Family Movie Review: ParaNorman (PG)


Appropriate for ages 10 and up. The movie's horror-themed elements are no more intense, really, than your average haunted house, but younger children's defenses could be worn down by the zombie-heavy action or the more ghoulish images and sounds, some of which are intense and come out of nowhere. There are a few swear words—a "hell", a "freakin'", a "jackass"—as well as some teen flirtatiousness. The issue of bullying rears its head mostly for comic effect. One character quips that bullying is "part of human nature;" the idea is never refuted, though the bully is made to look foolish.

In the stop-motion mold of Coraline and The Nightmare Before Christmas, ParaNorman is a grotesquely fun haunted roller coaster ride.

By Jared Peterson

Norman Babcock (voiced by Kodi Smit-McPhee) sees dead people, which, as we all know by now, has its downsides. Everywhere he looks in his sleepy New England town, there are ghosts—always restless, mostly polite, and often rather the worse for wear, depending on how they died.

Unlike the jittery whelp in The Sixth Sense, Norman has made peace with his morbid gift; he loves zombies and horror movies and treats the deceased like eccentric neighbors. He makes no secret of what he can do, but of course no one believes him. He's an outcast at school and an oddity at home. When a kooky, reclusive uncle (John Goodman) reveals that Norman is the key to lifting a 300-year-old curse from the town, the ensuing adventure has him confronting tormentors from all sides, from his manly-man father (voiced by Jeff Garlin) and eye-rolling teen sister (Anna Kendrick) to the school bully (Christopher Mintz-Plasse—McLovin'!), not to mention half a dozen undead Puritans and a very angry witch.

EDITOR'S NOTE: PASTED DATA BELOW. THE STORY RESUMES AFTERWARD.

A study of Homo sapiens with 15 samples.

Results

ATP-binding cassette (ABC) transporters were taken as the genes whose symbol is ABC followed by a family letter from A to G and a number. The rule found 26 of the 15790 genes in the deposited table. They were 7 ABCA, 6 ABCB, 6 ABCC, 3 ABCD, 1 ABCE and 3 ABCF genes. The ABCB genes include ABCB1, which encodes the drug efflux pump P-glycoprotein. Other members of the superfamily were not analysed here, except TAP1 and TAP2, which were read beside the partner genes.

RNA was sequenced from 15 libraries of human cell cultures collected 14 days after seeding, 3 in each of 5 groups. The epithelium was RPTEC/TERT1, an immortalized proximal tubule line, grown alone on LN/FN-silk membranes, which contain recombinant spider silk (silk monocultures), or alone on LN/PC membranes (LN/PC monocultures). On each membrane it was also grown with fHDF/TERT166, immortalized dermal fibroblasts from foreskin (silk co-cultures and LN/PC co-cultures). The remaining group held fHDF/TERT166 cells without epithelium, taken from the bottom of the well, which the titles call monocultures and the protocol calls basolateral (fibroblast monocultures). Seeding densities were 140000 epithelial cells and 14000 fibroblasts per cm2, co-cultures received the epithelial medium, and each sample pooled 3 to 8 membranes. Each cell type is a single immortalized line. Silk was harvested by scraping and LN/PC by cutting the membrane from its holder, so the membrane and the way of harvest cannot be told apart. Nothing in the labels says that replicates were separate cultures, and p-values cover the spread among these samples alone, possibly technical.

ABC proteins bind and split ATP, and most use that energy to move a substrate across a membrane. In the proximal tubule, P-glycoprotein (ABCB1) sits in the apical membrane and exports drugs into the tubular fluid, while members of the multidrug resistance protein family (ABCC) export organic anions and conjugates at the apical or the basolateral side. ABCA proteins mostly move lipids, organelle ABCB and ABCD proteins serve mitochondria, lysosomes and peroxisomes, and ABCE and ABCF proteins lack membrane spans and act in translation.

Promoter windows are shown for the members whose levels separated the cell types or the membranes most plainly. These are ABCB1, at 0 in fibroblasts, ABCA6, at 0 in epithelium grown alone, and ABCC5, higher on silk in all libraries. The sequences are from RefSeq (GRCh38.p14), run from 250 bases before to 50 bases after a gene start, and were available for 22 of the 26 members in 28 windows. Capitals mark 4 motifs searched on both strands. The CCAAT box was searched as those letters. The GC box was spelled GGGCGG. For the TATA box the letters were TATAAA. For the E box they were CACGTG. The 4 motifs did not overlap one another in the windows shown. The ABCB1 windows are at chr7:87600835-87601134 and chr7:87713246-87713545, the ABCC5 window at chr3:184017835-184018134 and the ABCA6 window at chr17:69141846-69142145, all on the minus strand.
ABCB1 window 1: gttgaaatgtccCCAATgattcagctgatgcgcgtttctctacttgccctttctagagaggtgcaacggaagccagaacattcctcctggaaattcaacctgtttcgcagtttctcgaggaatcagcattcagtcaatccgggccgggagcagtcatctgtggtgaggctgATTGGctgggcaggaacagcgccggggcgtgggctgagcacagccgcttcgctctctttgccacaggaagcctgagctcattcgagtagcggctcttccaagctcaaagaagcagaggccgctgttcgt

ParaNorman was written by Chris Butler, who was an artist on Coraline, and codirected by Butler and Sam Fell, who helmed the touching and complex The Tale of Despereaux. The film's look mimics the mix of angular realism and grotesque fantasy of Coraline and Tim Burton's stop-motion work, while the structure amounts to The Goonies, above ground and with fiestier skeletons. (Not a dig—when was the last time you flipped past The Goonies on TV and didn't watch it through to the end?) Like all of the above, the movie has deeper, slightly darker themes that touch on the loneliness of being unique and misunderstood.

As Norman, Kodi Smit-McPhee conveys the sadness and exasperation of being a kid who "gets" what no one else can or will. (He's already had some practice playing a supernaturally challenged loner in the chilling Let Me In.) Among a great voice cast, there are standouts: Anna Kendrick (from Up in the Air and one or two vampire movies you may have heard of) as Courtney, Norman's boy-crazy teen sister; and Tucker Albrizzi as Neil, Norman's portly self-appointed sidekick. Each gets some of the best lines in the movie and delivers them with pitch-perfection.

Though ParaNorman is a little dark, and a little more PG than you'd think, its humor and themes make it a good early Halloween treat.